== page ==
Dicot Leaf Epidermis

The dicot plant genus Sedum includes several hundred species, which are generally classified as succulents, and which have thick leaves able to withstand a drought. The digital image below illustrates a stained thin section of Sedum dicotyledon epidermal cells with numerous stomata, each having guard cells encircled by subsidiary cells.

Leaves, which are present on almost all vascular plants, are a main appendage of the stem and represent the principal site of photosynthesis. The leaves found on common plants are highly varied, and differ to a significant degree in shape and structure depending primarily on habitat. Leaf shape, margins, tip geometry, and vein patterns are characteristics that are utilized as an aid in identifying the different species of flowering plants. Most leaves have several common features, including a blade (often termed a lamina), which is the flattened part of the leaf structure. Leaves are typically equipped with a petiole, or stalk, employed to connect the leaf to the plant stem, and those that are absent this feature are termed sessile. Another common trait found in some plants is the presence of stipules, which are small leaf-shaped growths near the base of the stalk.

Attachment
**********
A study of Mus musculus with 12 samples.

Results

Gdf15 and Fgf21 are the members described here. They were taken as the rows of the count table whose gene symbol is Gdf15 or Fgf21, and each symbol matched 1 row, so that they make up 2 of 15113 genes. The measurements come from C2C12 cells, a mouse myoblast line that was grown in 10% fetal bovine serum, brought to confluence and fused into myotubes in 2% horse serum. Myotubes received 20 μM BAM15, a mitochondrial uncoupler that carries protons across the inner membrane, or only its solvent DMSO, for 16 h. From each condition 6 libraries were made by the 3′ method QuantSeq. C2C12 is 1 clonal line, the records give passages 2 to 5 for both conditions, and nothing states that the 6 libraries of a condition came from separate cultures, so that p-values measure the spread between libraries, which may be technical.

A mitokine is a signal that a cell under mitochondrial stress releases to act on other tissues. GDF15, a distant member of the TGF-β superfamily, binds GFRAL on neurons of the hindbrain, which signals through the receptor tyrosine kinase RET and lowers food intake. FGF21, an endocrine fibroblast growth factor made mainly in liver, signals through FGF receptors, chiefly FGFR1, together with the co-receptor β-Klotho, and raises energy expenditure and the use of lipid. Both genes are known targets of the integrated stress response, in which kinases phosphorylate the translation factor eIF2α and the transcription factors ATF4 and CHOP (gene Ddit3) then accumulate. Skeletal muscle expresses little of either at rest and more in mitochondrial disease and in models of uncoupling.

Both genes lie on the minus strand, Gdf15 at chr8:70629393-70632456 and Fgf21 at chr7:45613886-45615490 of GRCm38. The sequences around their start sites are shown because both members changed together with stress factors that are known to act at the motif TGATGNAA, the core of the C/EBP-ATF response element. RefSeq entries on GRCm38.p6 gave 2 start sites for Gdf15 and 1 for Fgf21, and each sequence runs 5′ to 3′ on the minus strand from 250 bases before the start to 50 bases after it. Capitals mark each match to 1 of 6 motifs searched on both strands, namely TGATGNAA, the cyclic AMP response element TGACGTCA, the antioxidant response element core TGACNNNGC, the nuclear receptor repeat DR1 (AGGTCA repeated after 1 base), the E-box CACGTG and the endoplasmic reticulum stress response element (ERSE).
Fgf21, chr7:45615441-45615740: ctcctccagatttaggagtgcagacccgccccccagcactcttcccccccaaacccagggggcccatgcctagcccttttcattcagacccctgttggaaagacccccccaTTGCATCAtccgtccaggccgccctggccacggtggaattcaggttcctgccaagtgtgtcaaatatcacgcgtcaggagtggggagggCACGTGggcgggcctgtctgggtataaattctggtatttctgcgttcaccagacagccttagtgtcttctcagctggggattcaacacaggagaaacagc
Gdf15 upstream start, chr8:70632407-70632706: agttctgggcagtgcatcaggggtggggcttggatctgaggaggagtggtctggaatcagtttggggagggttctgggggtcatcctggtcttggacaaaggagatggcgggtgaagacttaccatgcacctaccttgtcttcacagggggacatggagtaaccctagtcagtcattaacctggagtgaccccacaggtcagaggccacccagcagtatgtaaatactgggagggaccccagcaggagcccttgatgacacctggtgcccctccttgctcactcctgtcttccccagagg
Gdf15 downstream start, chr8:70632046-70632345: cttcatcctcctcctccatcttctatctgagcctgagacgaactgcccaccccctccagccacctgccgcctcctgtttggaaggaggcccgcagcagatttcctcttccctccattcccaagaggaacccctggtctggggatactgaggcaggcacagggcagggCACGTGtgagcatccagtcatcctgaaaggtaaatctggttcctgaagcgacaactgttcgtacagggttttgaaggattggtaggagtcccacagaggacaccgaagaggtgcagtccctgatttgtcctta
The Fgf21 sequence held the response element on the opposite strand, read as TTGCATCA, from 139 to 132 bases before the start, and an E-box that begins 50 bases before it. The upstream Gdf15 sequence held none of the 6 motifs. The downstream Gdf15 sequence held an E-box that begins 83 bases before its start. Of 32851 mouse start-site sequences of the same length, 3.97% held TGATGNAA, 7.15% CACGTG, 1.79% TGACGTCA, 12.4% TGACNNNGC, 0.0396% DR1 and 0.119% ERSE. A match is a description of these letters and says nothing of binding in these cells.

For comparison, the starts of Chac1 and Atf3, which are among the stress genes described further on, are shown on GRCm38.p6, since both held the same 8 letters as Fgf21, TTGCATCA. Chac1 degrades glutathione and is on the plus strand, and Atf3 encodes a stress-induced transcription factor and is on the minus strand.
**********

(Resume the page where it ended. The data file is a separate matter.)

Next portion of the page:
The vein patterns exhibited by leaves are important in distinguishing between monocots and dicots. In general, dicot leaves have either a pinnate or palmate vein pattern with netted veins and a large mid-vein, whereas monocot leaves usually have parallel veins. The blades of leaves may be simple, dissected, or compound.

Contributing Authors

Cynthia D. Kelly, Thomas J. Fellers and Michael W. Davidson - National High Magnetic Field Laboratory, 1800 East Paul Dirac Dr., The Florida State University, Tallahassee, Florida, 32310.